The EESC issues between 160 and 190 opinions and information reports a year.
It also organises several annual initiatives and events with a focus on civil society and citizens’ participation such as the Civil Society Prize, the Civil Society Days, the Your Europe, Your Say youth plenary and the ECI Day.
The EESC brings together representatives from all areas of organised civil society, who give their independent advice on EU policies and legislation. The EESC's326 Members are organised into three groups: Employers, Workers and Various Interests.
The EESC has six sections, specialising in concrete topics of relevance to the citizens of the European Union, ranging from social to economic affairs, energy, environment, external relations or the internal market.
endorses the Commission report on the employment conditions of highly mobile aircrews (pilots and cabin crew) whose situation may be particularly challenging due to the cross-border nature of their jobs and who enjoy differing rights and degrees of protection depending on the national law which applies to them. The Committee endorses the fact that the above-mentioned report highlights the continued existence of numerous problems and considerable legal uncertainty, and that better application of EU and national rules in all forms of employment of aircrew is crucial;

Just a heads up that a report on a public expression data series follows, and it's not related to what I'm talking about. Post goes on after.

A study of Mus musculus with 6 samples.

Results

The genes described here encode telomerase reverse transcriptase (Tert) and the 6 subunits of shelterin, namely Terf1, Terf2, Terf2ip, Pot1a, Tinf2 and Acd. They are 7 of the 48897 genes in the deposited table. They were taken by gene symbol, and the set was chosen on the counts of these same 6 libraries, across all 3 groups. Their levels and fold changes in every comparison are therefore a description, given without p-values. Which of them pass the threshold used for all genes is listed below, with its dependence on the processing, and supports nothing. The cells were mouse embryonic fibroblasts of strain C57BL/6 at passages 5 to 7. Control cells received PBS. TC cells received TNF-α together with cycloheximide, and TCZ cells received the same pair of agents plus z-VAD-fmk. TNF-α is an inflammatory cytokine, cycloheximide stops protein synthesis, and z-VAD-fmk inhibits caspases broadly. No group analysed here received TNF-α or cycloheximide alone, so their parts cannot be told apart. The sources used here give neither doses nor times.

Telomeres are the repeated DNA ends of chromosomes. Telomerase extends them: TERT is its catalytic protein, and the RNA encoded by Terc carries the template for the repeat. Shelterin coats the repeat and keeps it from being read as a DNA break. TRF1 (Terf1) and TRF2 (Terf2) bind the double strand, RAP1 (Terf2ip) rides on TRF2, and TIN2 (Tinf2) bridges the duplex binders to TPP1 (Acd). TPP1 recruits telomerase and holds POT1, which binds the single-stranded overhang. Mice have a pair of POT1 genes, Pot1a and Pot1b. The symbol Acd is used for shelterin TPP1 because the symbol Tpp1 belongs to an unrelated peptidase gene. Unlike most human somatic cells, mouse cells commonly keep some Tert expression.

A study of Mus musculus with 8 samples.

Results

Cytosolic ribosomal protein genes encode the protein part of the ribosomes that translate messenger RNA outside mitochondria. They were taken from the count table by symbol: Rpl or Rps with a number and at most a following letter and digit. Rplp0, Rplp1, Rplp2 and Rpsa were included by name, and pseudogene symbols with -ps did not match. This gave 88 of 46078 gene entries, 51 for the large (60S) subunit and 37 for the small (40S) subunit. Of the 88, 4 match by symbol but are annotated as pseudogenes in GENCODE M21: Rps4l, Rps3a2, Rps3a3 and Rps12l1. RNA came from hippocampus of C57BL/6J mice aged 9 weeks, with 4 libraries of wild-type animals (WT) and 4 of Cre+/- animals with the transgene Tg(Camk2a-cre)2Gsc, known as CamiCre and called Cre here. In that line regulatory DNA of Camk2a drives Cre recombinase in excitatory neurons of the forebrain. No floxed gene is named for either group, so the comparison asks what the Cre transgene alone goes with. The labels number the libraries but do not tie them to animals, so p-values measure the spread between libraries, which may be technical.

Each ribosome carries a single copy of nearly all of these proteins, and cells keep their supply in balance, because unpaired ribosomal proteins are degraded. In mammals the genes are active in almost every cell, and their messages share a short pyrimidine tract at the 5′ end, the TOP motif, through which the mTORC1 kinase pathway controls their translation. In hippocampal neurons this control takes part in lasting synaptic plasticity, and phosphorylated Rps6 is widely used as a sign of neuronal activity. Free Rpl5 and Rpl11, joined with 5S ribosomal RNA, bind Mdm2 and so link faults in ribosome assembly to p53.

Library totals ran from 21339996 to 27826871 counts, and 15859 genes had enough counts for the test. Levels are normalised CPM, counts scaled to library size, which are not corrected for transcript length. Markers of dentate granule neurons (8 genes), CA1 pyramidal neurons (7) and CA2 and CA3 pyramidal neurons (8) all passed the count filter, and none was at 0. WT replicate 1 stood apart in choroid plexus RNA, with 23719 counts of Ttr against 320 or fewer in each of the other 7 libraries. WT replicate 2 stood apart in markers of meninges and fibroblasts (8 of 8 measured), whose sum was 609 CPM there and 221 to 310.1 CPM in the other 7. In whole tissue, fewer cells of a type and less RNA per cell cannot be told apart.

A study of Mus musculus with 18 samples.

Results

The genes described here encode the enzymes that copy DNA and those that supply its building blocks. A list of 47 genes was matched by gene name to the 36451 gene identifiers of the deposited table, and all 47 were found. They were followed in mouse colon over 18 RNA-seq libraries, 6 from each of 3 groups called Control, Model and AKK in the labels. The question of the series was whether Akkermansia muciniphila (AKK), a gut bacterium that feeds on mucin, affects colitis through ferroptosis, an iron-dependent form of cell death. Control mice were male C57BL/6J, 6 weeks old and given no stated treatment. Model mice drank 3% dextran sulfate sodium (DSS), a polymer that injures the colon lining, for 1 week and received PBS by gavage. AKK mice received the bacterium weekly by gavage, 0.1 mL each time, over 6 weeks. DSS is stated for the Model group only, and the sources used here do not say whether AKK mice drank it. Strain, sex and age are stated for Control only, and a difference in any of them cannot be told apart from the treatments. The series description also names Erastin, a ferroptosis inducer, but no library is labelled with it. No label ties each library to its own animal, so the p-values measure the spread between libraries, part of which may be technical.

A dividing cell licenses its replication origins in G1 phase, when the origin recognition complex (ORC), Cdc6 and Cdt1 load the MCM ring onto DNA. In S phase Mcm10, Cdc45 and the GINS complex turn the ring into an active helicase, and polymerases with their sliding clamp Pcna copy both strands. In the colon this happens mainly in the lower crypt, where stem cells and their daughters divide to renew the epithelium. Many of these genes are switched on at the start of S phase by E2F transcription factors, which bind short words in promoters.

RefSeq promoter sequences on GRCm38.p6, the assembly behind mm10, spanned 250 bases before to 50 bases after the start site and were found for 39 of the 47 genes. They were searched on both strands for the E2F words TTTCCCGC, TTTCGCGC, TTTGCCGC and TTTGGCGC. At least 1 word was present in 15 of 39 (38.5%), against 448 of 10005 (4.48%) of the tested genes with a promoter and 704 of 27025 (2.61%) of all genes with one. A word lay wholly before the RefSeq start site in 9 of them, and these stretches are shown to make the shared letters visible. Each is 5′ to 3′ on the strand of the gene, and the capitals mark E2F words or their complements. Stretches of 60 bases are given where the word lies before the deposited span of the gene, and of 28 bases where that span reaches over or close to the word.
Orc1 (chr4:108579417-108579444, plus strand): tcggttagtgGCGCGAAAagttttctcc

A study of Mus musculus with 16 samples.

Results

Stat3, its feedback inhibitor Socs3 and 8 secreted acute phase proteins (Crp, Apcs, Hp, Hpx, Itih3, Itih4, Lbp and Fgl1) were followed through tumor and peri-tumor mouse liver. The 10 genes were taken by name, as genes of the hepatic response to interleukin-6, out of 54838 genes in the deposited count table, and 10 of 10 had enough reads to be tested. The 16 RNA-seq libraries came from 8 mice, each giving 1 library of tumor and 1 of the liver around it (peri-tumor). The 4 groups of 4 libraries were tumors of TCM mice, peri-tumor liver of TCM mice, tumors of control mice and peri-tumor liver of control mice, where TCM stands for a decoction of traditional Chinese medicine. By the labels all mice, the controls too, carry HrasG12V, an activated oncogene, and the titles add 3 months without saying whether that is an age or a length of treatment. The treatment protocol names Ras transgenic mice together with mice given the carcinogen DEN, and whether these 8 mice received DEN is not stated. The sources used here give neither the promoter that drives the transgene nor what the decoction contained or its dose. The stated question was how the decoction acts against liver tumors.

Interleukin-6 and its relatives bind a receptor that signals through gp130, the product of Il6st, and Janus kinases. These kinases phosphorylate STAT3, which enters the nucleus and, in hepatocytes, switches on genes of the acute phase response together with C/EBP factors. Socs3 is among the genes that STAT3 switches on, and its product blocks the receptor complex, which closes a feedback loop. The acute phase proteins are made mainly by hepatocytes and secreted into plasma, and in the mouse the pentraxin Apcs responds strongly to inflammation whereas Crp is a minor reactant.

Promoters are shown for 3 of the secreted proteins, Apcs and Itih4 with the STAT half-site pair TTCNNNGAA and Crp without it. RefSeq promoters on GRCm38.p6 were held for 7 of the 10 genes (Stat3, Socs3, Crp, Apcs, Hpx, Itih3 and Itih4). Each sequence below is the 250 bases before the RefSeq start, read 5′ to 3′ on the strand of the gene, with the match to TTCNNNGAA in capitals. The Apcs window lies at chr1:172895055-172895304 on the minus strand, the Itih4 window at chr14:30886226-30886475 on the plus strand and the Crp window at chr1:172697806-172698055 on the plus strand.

considers it unfortunate that this report has been produced at the end of the current Commission's term of office, with the resulting uncertainty regarding follow-up. The Committee considers that the lack of reliable statistics on the number of aircrew jobs and the number of outsourced jobs and agency staff is a significant problem;
reiterates its call to promote direct employment which should remain the usual form of employment in aviation, and considers that it is crucial to oppose any atypical contracts which could undermine the safety of aircrew and passengers, while conceding that the use of temporary contracts or temporary agency work is not automatically illicit, nor does it equate to social dumping;
would point out that the right to set up or join a trade union, to negotiate collective agreements and to go on strike, among others, are human rights guaranteed at international, European and national level, and must be complied with absolutely. Unfortunately, in practice, there are cases where the right to organize trade unions and to collective bargaining is limited and workers have to defend their rights in court. The right to information and consultation should be guaranteed as well.